July 16, 2012

The Godfather

Even those who haven't seen The Godfather (1972) are aware of its status as one of the all-time great motion pictures of our time. Some critics refer to it as the Gone With the Wind of the 1970s. A good many people consider it the greatest film of all time, or at the very least, somewhere in the top five. It may be worthwhile to venture back into film history for a few moments, to help those movie-goers who aren't familiar with the movie and its significance, understand why there's still so much hoopla.

First off, movies about organized crime are about as old as the medium itself. Scarface (1932) is one noteworthy example from among the early talkies. Many of these old-school crime flicks concerned themselves with Prohibition, and the licentious pleasures associated with that era of government-mandated morality. These movies are one of the reasons film has always been a sort of prodigal medium: an art form for the common people, the mass audience, concerned with iniquities and people of dubious character. That's the appeal of movies, ultimately. They're not good for us. (The Novel, when it was in vogue, was also considered suspect, denounced as the art of the "common," and what's more, as a medium full of subversive potential. As they say, the movies are the 20th century's answer to the Novel. Both have received similar treatment. But we've become post-literate, and one wonders if the same will happen to movies in the 21st century, ushering in a post-cinematic public.)

The appeal of such entertaining movies was threatened with the production codes starting in the mid-30s, which set strict rules about what films could depict in terms of sex and violence, etc. The major studios mostly churned out sanitized material that was non-threatening and "safe" and "clean." Writers and directors who wanted to address adult subject matter had to be coy about it, or risk being censored by the studio heads. Film adaptations of novels and plays had to tone down racy material. For example, when Tennessee Williams' play Cat on a Hot Tin Roof was made into an MGM movie, the main character's homosexuality was removed from the story. Those familiar with the source material of such expurgated movie adaptations could read between the lines, sure, but it would seem that studios exercised a great deal of confidence in the ignorance of the movie-going public at large. Moreover, they perpetuated such ignorance by depicting life in a blissful state. It's like the men in The Stepford Wives (1975) who want to pretend their wives haven't been turned into automatons. Sure, there have always been exceptions to this rule, but mostly Hollywood was about keeping things superficial and fake.

Then came the 1960s. Films like Jean-Luc Godard's Breathless (1960) in France and Arthur Penn's Bonnie and Clyde (1967) in America began to introduce a new kind of realism to the movie-going public, a violent realism that re-examined the values of movies and ignited a new passion for something different, something urgently real.

Along the heals of Bonnie and Clyde and The Wild Bunch (1969) and other such movies came The Godfather. What people tend to see in The Godfather is a sort of tragic humanization of these old-time gangsters, once cartoonish, expendable, forgotten the moment the picture was finished. In this new vision of the American organized crime world, these characters are no longer divorced from their human context. They are fathers and sons and brothers and husbands, and they bleed real blood. They are corrupt, but also redeemable. They have scruples, as antithetical as that may sound, and their own moral code, which too seems incredulous, and yet they are cold-blooded killers. Ambiguity is always more interesting than morality depicted in black-and-white.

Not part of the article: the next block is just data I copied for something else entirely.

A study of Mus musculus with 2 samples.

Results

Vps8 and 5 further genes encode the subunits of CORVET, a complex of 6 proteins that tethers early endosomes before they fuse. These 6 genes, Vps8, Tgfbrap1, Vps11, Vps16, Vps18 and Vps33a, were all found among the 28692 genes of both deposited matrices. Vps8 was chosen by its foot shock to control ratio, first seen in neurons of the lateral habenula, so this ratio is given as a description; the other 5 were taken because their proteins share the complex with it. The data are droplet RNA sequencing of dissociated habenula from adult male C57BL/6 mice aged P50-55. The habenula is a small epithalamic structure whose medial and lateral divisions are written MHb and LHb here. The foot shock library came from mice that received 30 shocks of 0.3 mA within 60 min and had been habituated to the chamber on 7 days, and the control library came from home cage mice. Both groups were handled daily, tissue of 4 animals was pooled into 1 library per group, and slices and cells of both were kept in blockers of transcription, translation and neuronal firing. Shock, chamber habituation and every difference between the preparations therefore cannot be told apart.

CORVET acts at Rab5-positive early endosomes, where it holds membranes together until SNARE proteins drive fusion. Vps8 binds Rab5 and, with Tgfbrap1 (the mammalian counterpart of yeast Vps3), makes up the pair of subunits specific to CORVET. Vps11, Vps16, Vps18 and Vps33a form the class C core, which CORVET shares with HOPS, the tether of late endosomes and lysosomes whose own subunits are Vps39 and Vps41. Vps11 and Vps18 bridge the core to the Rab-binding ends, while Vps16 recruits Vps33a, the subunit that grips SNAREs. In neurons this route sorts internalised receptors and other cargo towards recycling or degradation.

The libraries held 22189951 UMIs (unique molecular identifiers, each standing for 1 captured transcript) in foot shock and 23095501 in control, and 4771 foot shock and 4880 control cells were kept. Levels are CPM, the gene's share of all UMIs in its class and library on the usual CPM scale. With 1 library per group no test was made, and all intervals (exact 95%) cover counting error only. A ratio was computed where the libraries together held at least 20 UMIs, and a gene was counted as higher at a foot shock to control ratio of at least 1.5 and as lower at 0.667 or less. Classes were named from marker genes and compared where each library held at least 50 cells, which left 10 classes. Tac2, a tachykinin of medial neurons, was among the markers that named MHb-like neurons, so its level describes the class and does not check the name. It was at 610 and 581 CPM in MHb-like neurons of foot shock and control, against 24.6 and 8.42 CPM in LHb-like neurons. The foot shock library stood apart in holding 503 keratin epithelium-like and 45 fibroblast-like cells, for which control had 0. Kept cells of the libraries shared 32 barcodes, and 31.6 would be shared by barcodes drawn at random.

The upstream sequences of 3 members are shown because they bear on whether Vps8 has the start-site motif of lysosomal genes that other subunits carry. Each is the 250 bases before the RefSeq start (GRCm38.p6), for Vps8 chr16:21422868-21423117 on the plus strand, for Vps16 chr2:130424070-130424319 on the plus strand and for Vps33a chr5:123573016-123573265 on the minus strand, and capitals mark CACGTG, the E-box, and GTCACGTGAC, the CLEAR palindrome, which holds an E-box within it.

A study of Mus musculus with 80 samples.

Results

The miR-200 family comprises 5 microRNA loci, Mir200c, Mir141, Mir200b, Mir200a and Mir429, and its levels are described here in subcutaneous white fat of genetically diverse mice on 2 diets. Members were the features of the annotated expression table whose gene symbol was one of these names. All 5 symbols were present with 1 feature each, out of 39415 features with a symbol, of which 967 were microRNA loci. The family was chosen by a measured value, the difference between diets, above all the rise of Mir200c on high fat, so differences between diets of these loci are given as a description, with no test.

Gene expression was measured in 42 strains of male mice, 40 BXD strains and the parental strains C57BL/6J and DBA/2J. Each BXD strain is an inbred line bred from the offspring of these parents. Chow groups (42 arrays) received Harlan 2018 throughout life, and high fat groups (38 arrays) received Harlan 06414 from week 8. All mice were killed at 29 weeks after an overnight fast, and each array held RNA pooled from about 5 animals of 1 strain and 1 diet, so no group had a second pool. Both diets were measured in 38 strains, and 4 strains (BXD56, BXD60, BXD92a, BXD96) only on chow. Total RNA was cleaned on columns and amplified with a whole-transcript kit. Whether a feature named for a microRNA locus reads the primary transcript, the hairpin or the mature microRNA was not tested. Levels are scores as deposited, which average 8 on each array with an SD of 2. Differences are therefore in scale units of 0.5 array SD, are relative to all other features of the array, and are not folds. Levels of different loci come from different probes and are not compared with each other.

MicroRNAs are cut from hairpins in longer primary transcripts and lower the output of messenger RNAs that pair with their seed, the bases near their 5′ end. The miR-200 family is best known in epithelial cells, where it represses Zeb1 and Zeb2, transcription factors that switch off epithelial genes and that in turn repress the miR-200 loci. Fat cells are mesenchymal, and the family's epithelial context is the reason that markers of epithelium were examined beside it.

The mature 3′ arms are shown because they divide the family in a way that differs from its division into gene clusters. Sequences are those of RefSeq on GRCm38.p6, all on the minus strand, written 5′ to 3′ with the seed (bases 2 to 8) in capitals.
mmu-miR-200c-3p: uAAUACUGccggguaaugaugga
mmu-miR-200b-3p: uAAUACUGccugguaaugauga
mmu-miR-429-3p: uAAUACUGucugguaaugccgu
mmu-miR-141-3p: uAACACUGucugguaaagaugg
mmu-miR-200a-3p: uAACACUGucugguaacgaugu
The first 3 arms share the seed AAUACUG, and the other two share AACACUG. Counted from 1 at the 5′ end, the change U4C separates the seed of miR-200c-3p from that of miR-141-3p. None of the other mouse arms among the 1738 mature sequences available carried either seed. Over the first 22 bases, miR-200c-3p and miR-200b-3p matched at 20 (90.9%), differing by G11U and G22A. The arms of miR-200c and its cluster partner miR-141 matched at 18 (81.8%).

But enough about film context. You can read all that elsewhere, and it doesn't mean you have to like The Godfather a bit. The movie speaks for itself. (The context may deepen one's understanding, but it does not define it.) Marlon Brando plays the head of the Corleone family, based in New York (it starts in 1945, just after the war has ended), who's competing with several other crime families. A chain of events, beginning with Don Corleone's rejection of a narcotics operation in conjunction with the other families, sets up his youngest son, Michael (Al Pacino) to take over the family business, neither a vocation nor a lifestyle he wanted. He's the war hero, the "pure" son, untainted by the blood of organized crime. (They were going to try and land him a political career so he could be "untainted" there too.) It's inevitable of course that Michael is sucked into the world he thought he was too principled to embrace.

Director Francis Ford Coppola turns this gangster picture into a tragic masterpiece. He is helped by Mario Puzo, on whose novel this was based, and with whom he wrote the screenplay. The iconic music is by Nino Rota. The supporting cast includes James Caan as Sonny, Robert Duvall as Tom Hagen, Richard Castellano as Clemenza, Diane Keaton as Kay, Michael's wife, Talia Shire as Connie, John Cazale as Fredo. Also starring Abe Vigoda, Al Littieri, Gianni Russo, Sterling Hayden, Lenny Montana, Richard Conte, Al Martino, John Marley, Alex Rocco, and Morgana King. Followed by two sequels. (The only criticism I can give of The Godfather is that it spawned a lot of inferior imitations that we have had to sit through for the last 40 years.)